If you know anything about Monique “Mo Ballin” Bribiescas, you know she lives for the game of basketball. The former New Mexico State Aggie has loved the game ever since she was a child and since her days playing college ball, she has used it as a platform to inspire and help others.
It all started with a little help from her father. In an interview with Kulture Hub, she explained the impact he had on her career and how far the game of basketball has taken her to heights she would’ve never imagined with MoballinTraining. She said,
“It’s so funny because my dad, he tells everybody, ‘all I did was teach her how to make a lay-up and after that I didn’t teach her anything else.’ I was just born with it. I was naturally gifted I guess. Super blessed.”
Born and raised in Arizona, Monique quickly became a student of the game at a young age. If she wasn’t practicing from sun up to sun down, she was glued to the television screen, watching her favorite players, Michael Jordan, Charles Barkley, and Kevin Johnson doing work on the court.
Mo’s passion was set on fire. Her competitive drive fueled her to get better at the game. She had a dream and sought after it with everything she had. Mo explained,
“I always wanted to be the first girl in the NBA. That was my vision. Before the Love and Basketball movie.”
With Monique’s dream intact, she began chasing after it relentlessly. While attending Desert Vista High School she played point guard. She led her team to two state finals only to fall short each time. Even though Mo didn’t bring a state title back to her school, she would go on to New Mexico to represent her school in a bigger way. She said,
“I earned a full ride basketball scholarship to play at New Mexico State.”
Although Mo was nice on the court, it wasn’t until her first day with her fellow Aggies in the gym when she realized that she had to elevate her game. Mo admitted,
“Growing up I was super shy. I didn’t communicate a lot. My first day of practice as freshman, and I started as a freshman so I did have that leadership. I led by example. I didn’t lead by you know the leadership as far as being bold.”
“My very first practice I wasn’t talking enough I guess and they kicked me out. They said ‘LEAVE. YOU’RE NOT TALKING’ As a freshman I was kind of scared. It’s my first practice you know and they’re kicking me out, but they wanted to prove a point. They said ‘If you’re gonna start you gotta talk 24/7 . ‘You gotta talk constantly because you are the coach on the floor.’ So I kinda had to come out of my shell. So the second I came back to practice and didn’t shut up.”
The lessons Monique learned in her first two days of practice went a long way. As a starter throughout her tenure as an Aggie, along with three straight WAC title game appearances, Mo lead New Mexico State to its first victory ever against the 22nd-ranked Houston Cougars in 2005.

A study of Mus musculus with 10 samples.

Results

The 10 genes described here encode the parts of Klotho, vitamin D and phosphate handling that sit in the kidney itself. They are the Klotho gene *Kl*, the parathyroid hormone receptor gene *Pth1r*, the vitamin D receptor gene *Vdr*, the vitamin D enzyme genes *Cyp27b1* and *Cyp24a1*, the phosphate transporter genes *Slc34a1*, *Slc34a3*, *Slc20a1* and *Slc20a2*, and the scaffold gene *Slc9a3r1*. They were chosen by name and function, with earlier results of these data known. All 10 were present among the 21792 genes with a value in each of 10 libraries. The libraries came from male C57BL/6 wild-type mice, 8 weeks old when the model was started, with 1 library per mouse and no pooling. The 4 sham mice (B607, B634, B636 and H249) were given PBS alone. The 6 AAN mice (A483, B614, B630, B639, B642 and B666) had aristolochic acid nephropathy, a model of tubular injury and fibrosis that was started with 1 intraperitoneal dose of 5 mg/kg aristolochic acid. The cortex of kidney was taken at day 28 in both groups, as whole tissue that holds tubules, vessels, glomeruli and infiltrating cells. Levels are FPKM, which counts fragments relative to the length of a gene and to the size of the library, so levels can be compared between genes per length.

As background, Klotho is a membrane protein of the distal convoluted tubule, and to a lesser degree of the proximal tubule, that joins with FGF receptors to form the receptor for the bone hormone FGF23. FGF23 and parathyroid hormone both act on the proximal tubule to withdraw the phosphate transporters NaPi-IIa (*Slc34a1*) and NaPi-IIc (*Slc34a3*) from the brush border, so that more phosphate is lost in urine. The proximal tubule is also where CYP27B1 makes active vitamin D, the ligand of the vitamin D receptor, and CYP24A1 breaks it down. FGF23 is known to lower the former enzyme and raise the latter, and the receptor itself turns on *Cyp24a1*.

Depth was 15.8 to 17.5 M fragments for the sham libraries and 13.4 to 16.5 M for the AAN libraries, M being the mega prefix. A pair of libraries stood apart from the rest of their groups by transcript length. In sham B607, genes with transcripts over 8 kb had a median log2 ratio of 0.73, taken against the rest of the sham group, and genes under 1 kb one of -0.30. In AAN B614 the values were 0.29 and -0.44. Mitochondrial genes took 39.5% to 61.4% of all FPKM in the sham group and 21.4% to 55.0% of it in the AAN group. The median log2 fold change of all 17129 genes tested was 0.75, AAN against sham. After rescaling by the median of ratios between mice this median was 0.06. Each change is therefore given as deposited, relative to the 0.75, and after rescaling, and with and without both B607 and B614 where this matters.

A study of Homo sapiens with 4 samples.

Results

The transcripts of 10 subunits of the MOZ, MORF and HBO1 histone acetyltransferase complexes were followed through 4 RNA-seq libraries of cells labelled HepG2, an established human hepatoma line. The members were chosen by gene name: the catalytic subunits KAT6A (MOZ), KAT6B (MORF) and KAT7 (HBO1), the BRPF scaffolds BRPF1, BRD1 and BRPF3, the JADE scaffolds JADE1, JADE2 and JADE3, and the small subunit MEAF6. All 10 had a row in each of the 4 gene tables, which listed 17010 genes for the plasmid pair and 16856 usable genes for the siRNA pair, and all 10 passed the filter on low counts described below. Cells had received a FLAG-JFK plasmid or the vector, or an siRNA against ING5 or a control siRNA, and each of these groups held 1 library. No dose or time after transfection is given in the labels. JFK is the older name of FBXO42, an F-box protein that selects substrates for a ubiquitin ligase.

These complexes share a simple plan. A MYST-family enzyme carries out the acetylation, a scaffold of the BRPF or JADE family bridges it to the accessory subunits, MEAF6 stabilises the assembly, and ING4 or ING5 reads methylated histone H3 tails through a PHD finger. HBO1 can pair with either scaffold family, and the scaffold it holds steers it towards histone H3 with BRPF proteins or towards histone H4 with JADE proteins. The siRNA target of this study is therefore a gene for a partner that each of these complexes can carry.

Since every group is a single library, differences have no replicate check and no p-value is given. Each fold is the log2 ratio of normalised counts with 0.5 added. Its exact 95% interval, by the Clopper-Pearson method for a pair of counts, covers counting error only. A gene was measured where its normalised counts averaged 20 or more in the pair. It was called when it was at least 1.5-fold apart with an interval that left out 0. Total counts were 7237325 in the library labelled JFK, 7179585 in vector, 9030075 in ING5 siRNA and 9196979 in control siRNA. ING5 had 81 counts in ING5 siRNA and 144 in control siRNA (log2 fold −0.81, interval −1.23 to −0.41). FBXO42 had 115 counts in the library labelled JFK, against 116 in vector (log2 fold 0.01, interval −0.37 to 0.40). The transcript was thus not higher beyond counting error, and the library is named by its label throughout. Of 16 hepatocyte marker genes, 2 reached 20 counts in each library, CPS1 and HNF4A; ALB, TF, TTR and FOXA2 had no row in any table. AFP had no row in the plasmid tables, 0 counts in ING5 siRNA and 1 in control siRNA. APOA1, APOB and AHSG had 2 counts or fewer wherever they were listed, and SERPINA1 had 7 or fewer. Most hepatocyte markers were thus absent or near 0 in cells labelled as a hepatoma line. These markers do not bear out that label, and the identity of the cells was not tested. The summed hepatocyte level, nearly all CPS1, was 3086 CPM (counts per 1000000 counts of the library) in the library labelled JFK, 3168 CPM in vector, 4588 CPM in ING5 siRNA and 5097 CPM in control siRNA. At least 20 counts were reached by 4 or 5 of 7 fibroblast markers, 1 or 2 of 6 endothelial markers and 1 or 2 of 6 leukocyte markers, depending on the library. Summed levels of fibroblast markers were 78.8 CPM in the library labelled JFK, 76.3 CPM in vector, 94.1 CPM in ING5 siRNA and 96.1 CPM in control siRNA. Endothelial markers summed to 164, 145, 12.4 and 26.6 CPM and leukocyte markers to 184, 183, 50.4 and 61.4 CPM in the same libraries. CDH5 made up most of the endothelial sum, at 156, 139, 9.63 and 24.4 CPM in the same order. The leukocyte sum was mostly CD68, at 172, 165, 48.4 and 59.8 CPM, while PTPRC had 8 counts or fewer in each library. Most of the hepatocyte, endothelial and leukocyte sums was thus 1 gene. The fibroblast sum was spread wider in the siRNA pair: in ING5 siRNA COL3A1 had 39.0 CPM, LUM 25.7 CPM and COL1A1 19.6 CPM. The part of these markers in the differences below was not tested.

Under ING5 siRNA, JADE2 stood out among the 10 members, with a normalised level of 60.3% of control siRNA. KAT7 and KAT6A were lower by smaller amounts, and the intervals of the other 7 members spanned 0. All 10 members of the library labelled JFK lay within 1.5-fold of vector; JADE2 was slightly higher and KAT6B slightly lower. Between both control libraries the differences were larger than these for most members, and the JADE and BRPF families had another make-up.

She also put on some thriller endings like 2007’s half-court shot buzzer beater taking down Wichita State 72-69.
“Ball was life when I was six years old and is still life right now. It’s been my passion ever since I was little. Once I graduated college I knew I still wanted to be involved and kind of find my way.”
Once Monique’s playing days were over she naturally turned to coaching.
“I found my passion actually going through coaching. I didn’t really like the X’s and O’s. But in practice I got to handle the player development side and that’s when I found out this is what I like to do, player development. I worked for 5 years. I did it for free. I just needed the experience.”
With enough experience under her belt, Monique decided to dedicate her life to making other players better and turned that into a business. With the help of one of her best friends, Instagram, and Monique’s own dedication to the game, her passion turned into reality. She explained the help of the platform saying,
“When Instagram first started, I didn’t want it. One of my best friends she was just was just like no, get it. it’s awesome it’s fun. I was like Na I don’t want to be on social media like that, so one day she texted me and said uh I just made one for you. And then she gave me the information and it was MoBallin.”
“So the page just kinda got popular, especially once Instagram started doing videos so people could actually see my videos and how I play and my skills. Everybody knew me as Mo Ballin when I started my business page so I added training and just kept the name.”
Because of Monique’s hard work and love for the game, MoBallinTraining is working with WNBA and NBA clients as well as still training the youth. Still, even though, ball is life, Mo knows that her journey is much deeper than basketball. She knows she’s changing lives. Monique finished off the conversation by telling me,
“Seeing players develop just feels incredible. Seeing kids come back to me and saying ‘hey I made varsity as a freshman’ or something like ‘hey I scored 25 [points] yesterday. Even my pros man, one went from making $1500 to $10,000. The success that they have is worth way more than having a million dollars in my pocket if I had it. They put the work in and that’s what bring me in every day. I work hard for them because I want them to succeed.”
If you’re ever in Arizona and need a good run, hit up MoballinTraning!